Man sitting on desk with lots of work spread out on it.
Man sitting on desk with lots of work spread out on it.
T. Barwick, Iconica/Getty images

An important misunderstanding that many adult English language learners (ELLs) have is their responsibility as students in the classroom. In this regard, ELLs are not unlike traditional and nontraditional college students who are unrealistic about the degree of participation they have in their learning.

With regard to learning, there are several reasons why adult learners enroll in ELL programs, including educational or job advancement, communication improvement, citizenship attainment, job security, and support of their children’s education. Nevertheless, there are factors that clearly affect the adult learners’ learning experience such as their goals and motivations for learning English, literacy level in the native language, age, learning abilities or disabilities, living and working environments, sociocultural backgrounds, and learning autonomy.

Among the research on language learning and language teaching is Henri Holec’s theory of learner responsibility that he explains in Autonomy and Foreign Language Learning. In part, “The autonomous language learner takes responsibility for the totality of his learning situation. He does this by determining his own objectives, defining the contents to be learned and the progression of the course, selecting methods and techniques to be used, monitoring this procedure, and evaluating what he has acquired.”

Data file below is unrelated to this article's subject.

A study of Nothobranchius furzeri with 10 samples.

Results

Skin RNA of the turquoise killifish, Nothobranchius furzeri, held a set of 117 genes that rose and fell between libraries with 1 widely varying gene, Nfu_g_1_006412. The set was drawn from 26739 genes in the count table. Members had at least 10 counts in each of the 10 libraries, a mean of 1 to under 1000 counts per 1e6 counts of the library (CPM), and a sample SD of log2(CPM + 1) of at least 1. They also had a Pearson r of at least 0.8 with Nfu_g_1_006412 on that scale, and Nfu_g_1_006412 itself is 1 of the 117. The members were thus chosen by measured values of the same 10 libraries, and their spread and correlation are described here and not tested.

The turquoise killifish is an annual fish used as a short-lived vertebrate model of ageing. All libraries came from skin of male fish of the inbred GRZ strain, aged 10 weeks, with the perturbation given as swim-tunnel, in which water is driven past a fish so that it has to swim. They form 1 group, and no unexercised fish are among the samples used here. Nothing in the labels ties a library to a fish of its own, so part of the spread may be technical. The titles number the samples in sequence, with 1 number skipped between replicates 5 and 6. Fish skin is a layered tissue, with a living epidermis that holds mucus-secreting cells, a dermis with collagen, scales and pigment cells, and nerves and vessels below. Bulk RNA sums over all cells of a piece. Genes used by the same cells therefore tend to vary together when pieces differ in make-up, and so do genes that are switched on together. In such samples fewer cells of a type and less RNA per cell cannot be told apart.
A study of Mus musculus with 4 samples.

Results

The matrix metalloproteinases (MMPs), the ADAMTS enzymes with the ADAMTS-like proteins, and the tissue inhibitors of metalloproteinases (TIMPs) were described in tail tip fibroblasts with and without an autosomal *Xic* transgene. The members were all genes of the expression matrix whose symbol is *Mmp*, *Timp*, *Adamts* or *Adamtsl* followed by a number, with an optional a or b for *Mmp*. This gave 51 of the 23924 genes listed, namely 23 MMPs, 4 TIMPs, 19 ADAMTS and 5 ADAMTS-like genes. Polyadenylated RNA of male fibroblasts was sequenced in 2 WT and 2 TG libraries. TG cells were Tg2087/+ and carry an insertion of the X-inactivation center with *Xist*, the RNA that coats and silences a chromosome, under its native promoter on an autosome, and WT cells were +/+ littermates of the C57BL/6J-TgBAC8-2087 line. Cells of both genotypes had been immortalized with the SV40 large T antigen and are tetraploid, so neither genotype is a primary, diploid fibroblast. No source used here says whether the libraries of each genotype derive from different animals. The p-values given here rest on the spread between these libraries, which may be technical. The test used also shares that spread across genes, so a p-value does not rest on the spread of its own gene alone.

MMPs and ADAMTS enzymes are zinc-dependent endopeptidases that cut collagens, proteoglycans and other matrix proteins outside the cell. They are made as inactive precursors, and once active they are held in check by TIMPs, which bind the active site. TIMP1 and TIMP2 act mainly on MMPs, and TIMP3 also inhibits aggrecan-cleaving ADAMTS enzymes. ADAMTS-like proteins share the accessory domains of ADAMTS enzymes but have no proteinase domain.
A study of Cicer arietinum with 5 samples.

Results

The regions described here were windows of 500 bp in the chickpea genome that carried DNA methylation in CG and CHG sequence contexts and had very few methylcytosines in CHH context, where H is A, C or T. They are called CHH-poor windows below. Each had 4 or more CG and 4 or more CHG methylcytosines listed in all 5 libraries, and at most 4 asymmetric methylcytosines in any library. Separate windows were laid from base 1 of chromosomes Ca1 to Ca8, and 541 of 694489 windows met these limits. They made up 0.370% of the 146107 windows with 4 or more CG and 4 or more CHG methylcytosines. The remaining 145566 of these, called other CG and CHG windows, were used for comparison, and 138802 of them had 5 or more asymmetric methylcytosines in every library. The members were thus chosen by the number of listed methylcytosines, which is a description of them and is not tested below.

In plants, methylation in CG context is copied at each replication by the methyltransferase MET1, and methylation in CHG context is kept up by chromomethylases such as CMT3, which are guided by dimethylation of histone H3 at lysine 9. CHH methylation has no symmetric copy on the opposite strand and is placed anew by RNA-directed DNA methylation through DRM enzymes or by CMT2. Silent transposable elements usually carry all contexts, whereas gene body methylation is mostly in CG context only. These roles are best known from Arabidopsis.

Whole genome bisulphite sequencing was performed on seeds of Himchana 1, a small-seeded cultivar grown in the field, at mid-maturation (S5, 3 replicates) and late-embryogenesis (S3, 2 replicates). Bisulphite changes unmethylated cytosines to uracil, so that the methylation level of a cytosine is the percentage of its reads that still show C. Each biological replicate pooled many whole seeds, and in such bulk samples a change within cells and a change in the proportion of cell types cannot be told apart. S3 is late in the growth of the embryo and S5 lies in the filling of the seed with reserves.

A core assumption of communicative language teaching is that teachers function as facilitators in the classroom and the responsibility for learning belongs to the adult learners. Does Holec’s approach to language learning and language teaching place too much responsibility on adult learners?

One thing is certain. Classrooms are communities in which learners learn through effective communication strategies, active participation, discussion, and collaboration. Yet, language learning takes additional effort. Proficiency does not magically happen one day in the classroom. Adult learners have to practice using the language outside of the classroom in real-life settings.